Tech Bus Protestors Target Island City
Commuters who used the High Street Bridge on April Fools’ Day found themselves tangled in a protest that had little to do with the shenanigans some expect on that special day. Instead they were witnessing a protest that involved a pair of buses taking employees to Silicon Valley giants Apple and Google.
Protesters had targeted “Google buses” in Oakland and San Francisco before. The April Fools’ Day escapade marked the first time they had visited Alameda, focusing their efforts on buses on the way to the Park & Ride on Island Drive next to the Grandview Pavilion.
The protesters knew that the “Apple bus” would cross the High Street Bridge at 7:30 a.m. and that the “Google bus” would arrive at 7:45 a.m. The protesters split up: One group held up the Apple bus until the Google bus showed up and then corralled them both. Another group went to the Park & Ride and handed out fliers to people waiting for their rides to work.
They blocked the buses until about 8:15 and let them go without breaking any windows or doing anything else untoward.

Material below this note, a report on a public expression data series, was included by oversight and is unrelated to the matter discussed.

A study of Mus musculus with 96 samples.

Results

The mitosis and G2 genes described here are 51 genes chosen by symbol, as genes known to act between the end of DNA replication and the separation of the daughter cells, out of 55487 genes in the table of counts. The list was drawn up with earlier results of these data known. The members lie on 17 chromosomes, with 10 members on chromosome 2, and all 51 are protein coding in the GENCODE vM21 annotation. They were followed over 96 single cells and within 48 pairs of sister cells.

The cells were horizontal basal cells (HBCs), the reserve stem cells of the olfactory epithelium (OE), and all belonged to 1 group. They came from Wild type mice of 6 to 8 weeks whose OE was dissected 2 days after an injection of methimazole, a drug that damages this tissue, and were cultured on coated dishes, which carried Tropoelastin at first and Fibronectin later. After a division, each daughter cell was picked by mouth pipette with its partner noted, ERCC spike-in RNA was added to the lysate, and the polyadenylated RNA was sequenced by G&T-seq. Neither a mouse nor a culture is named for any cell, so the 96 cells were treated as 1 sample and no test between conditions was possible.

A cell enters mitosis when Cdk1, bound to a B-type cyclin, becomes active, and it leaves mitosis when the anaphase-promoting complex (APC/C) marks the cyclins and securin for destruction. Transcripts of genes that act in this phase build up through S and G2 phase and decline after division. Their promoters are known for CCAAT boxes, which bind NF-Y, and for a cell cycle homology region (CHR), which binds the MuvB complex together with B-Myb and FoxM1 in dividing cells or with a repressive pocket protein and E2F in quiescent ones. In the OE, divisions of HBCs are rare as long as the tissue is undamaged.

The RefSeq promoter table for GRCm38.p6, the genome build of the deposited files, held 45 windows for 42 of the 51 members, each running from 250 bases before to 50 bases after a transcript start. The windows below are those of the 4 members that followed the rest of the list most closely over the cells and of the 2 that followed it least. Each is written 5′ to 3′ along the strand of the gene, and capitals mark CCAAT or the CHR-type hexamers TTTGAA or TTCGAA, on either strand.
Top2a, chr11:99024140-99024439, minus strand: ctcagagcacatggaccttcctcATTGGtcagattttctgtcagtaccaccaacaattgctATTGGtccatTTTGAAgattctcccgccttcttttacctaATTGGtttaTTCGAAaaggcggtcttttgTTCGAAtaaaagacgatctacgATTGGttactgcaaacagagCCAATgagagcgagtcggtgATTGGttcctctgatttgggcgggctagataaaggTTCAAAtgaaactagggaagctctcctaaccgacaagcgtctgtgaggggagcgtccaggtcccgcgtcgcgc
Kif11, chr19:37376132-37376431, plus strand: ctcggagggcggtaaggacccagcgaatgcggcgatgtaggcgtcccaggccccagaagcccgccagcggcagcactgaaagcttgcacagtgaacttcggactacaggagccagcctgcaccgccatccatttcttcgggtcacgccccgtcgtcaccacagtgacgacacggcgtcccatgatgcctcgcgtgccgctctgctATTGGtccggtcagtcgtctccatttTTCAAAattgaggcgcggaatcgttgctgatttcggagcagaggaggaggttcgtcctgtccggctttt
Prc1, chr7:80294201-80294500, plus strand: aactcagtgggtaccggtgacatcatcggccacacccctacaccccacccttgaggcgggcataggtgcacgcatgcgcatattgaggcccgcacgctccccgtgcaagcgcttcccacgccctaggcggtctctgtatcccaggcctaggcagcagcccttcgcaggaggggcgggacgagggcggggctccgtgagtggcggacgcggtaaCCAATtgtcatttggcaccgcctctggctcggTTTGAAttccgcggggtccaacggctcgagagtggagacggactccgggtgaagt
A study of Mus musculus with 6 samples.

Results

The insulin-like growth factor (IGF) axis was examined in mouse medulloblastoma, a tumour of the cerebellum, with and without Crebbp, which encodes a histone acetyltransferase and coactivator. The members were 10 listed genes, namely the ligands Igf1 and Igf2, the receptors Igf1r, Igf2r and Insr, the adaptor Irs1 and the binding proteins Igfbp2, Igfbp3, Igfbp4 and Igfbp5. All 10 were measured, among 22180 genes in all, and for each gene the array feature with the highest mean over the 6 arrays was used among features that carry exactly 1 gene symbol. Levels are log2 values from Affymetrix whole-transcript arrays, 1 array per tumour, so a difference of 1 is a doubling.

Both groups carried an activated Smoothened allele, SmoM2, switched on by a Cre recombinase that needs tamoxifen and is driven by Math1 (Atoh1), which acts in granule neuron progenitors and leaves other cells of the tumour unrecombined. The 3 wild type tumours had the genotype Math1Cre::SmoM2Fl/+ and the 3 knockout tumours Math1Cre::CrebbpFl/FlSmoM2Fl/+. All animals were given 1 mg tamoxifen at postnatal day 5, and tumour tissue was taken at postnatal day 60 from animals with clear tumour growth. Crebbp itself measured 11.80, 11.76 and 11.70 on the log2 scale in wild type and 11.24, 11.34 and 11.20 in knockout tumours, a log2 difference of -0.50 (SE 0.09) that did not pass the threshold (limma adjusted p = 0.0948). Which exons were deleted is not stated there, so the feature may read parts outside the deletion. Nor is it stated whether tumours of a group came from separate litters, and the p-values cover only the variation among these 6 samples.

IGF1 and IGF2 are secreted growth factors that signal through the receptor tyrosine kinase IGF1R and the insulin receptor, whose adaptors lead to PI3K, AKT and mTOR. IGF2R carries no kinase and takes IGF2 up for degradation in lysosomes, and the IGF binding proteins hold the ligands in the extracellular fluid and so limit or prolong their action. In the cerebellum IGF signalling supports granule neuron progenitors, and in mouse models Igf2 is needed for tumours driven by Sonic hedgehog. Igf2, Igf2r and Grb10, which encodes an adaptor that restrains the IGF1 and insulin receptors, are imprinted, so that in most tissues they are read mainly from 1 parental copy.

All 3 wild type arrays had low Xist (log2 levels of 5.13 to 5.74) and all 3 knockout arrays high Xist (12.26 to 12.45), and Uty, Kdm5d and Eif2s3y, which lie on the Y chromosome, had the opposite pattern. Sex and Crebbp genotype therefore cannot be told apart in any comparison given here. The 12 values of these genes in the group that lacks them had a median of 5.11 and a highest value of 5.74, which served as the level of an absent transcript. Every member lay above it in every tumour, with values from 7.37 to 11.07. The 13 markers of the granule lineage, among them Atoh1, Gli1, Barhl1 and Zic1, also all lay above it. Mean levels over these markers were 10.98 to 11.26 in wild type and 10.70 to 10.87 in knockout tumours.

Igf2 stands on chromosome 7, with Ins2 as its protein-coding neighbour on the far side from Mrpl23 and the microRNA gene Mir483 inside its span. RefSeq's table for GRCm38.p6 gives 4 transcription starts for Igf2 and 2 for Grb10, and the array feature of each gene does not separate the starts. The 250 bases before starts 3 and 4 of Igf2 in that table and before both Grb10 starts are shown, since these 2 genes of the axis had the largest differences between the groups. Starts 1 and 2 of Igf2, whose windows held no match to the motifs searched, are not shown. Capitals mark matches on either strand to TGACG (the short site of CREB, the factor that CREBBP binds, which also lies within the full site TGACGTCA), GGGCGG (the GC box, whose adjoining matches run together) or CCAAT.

About 9:30 a.m., protesters blocked a Google bus at 24th and Valencia streets in San Francisco. They handed out “Gmuni” passes. Some of the protesters tried to board the Google bus with these passes. They later told reporters that the bus driver pushed one of their number armed with a Gmuni pass off the bus.
The protestors likely picked April 1 because that afternoon the San Francisco Board of Supervisors voted to allow the Apple and Google buses to use the Muni bus stops for a fee of $1 for each time a bus uses a stop.
The following day, April 2, protesters blocked a bus carrying Yahoo! employees at the MacArthur BART station. On April 3 they blocked buses at the West Oakland BART station.
Most of these protesters were acting under the umbrella of “Defend the Bay Area," a group staging a series of protests that started March 28 and ran through April 5.